The U.S. military is considering investing more than $211 million into construction in Darwin, Australia, according to the Senate’s version of the annual defense legislation.

What that money will build is unknown. The Marine and Navy officials Marine Corps Times reached out to have yet to provide a statement.

Australian outlet ABC News reported that secret planning is underway to develop a new commercial port just outside of Darwin that could eventually be developed to house Australia’s landing helicopter dock ships or the U.S. amphibious assault ships that ferry Marines around the globe.

While Australia is one of America’s most important military allies in the Pacific, the military construction could cause diplomatic headaches for Australia and sour its relationship with China, which over the years has become more economically intertwined.

“Because just like even our best allies, the Australians, they’re with us from a military perspective, but economically they’re tied to China," Maj. Gen. Daniel Yoo, the commander of the Marine Raiders, told Marine Corps Times in an interview during a May special operations conference in Tampa, Florida.

“And so they have a problem internal to their own country as far as there’s some that feel they should be closer to China, because their economic health is dependent upon it."

It’s a strategic tightrope act the U.S. military has to walk in the Pacific where China’s economic might is changing the U.S. military calculus in the region.

Marines deploy to Australia every year to conduct training with Pacific allies in the region. Marine officials have told Marine Corps Times there are no plans for a permanent Marine presence.

But, there are nearly 1,700 Marines in Australia taking part in training exercises across the Pacific country — it’s the largest rotation to date and includes the most robust aviation element thus far.

The Corps slowly has been increasing its footprint in Australia over the past eight rotation cycles. In 2018, nearly 1,500 Marines took part in exercises across Australia; the goal is to bump that number to 2,500 Marines.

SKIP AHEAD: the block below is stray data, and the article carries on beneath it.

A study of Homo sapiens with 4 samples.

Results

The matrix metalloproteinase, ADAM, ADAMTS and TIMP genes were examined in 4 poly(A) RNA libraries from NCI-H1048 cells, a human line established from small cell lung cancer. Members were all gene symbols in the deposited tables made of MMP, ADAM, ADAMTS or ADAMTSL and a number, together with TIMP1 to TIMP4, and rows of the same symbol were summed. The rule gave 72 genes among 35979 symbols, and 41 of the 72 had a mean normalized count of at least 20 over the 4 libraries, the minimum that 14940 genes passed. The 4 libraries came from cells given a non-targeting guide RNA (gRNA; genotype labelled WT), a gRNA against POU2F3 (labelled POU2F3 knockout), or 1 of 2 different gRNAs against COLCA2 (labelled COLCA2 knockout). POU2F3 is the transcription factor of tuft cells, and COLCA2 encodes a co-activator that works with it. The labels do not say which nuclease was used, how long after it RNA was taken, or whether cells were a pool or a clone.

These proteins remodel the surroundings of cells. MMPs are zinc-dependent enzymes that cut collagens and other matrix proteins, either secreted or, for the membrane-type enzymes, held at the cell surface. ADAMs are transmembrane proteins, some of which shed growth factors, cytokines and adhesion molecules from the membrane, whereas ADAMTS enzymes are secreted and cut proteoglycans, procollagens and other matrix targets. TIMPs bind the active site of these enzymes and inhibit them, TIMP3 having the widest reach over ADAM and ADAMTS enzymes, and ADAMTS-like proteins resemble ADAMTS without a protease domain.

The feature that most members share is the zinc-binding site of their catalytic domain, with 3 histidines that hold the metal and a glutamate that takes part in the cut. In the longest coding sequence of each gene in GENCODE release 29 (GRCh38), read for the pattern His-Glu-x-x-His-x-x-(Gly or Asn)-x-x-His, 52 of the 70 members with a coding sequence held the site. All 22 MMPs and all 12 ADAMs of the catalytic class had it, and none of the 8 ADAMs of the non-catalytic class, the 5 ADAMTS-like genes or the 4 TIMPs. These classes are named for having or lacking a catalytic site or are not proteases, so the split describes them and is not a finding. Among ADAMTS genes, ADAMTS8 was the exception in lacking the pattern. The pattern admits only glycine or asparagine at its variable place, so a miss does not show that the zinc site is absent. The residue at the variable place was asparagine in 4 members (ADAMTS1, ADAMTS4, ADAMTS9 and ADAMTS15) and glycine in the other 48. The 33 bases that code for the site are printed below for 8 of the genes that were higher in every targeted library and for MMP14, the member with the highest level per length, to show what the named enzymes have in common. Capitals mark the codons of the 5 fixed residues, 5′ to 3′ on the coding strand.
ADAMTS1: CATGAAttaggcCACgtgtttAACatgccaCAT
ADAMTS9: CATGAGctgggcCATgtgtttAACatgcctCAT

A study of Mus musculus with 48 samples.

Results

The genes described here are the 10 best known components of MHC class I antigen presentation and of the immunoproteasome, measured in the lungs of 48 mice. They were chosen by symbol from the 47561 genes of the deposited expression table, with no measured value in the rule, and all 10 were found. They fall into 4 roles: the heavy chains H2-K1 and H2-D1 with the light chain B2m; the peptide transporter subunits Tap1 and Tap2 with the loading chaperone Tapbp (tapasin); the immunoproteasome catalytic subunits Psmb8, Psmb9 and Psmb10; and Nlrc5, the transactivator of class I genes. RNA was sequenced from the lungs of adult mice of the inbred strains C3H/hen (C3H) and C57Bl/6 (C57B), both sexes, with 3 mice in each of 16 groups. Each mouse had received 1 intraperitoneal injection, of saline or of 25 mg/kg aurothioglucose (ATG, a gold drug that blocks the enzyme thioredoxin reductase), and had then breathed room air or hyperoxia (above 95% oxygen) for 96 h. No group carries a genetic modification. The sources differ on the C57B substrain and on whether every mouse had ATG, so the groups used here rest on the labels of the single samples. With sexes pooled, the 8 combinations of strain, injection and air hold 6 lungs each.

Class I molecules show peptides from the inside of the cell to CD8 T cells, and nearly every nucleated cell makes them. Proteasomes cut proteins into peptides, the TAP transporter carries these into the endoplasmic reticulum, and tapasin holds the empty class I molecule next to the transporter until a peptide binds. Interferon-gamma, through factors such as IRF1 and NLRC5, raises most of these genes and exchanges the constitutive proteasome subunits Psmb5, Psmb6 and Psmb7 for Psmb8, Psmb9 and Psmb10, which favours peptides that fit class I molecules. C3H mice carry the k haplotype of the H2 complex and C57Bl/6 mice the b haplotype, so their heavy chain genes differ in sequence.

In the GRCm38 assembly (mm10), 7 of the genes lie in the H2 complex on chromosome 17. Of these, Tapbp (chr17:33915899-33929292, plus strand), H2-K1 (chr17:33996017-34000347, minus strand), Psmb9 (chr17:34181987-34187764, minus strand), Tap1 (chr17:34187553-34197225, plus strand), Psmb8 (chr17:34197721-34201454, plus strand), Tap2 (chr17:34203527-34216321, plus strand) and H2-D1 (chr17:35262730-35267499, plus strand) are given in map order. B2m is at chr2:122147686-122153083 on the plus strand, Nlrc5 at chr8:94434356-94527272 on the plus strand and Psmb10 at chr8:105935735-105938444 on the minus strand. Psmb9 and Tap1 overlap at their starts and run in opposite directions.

Australia is important to America’s strategy in the Pacific and to the Corps’ plans to move some of its forces off of Okinawa, Japan.

While the Corps doesn’t have a permanent presence in Australia, a major U.S. military construction project near Darwin is likely to irk China and complicate delicate efforts by Australian officials to balance its relationship with both heavyweights.

“As economic power shifts, it’s unsurprising that nations will seek to play a bigger strategic role in our region. China, in particular, is exercising unprecedented influence in the Indo-Pacific,” Australian Prime Minister Scott Morrison said in a November 2018 speech.

Once more steadfast allies are now having to consider their economic future with China and their traditional military and democratic partnership with America.

“Australia also has a vitally important relationship with China. Trade, tourism and educational exchanges are at record highs,” Morrison said in his speech.

“Of course, China is not alone in being a force of change in our world. But China is the country that is most changing the balance of power, sometimes in ways that challenge important U.S. interests,” Morrison said.

“Inevitably, in the period ahead, we will be navigating a higher degree of US-China strategic competition."

Congress may review the Corps’ plan to redistribute its forces across the Pacific.

The Corps kicked off a portion of the Talisman Sabre exercise in Australia around mid-July where Marines, Army and Australian forces carried out a HIMARS rocket artillery raid and captured an airfield.

Shawn Snow is the senior reporter for Marine Corps Times and a Marine Corps veteran.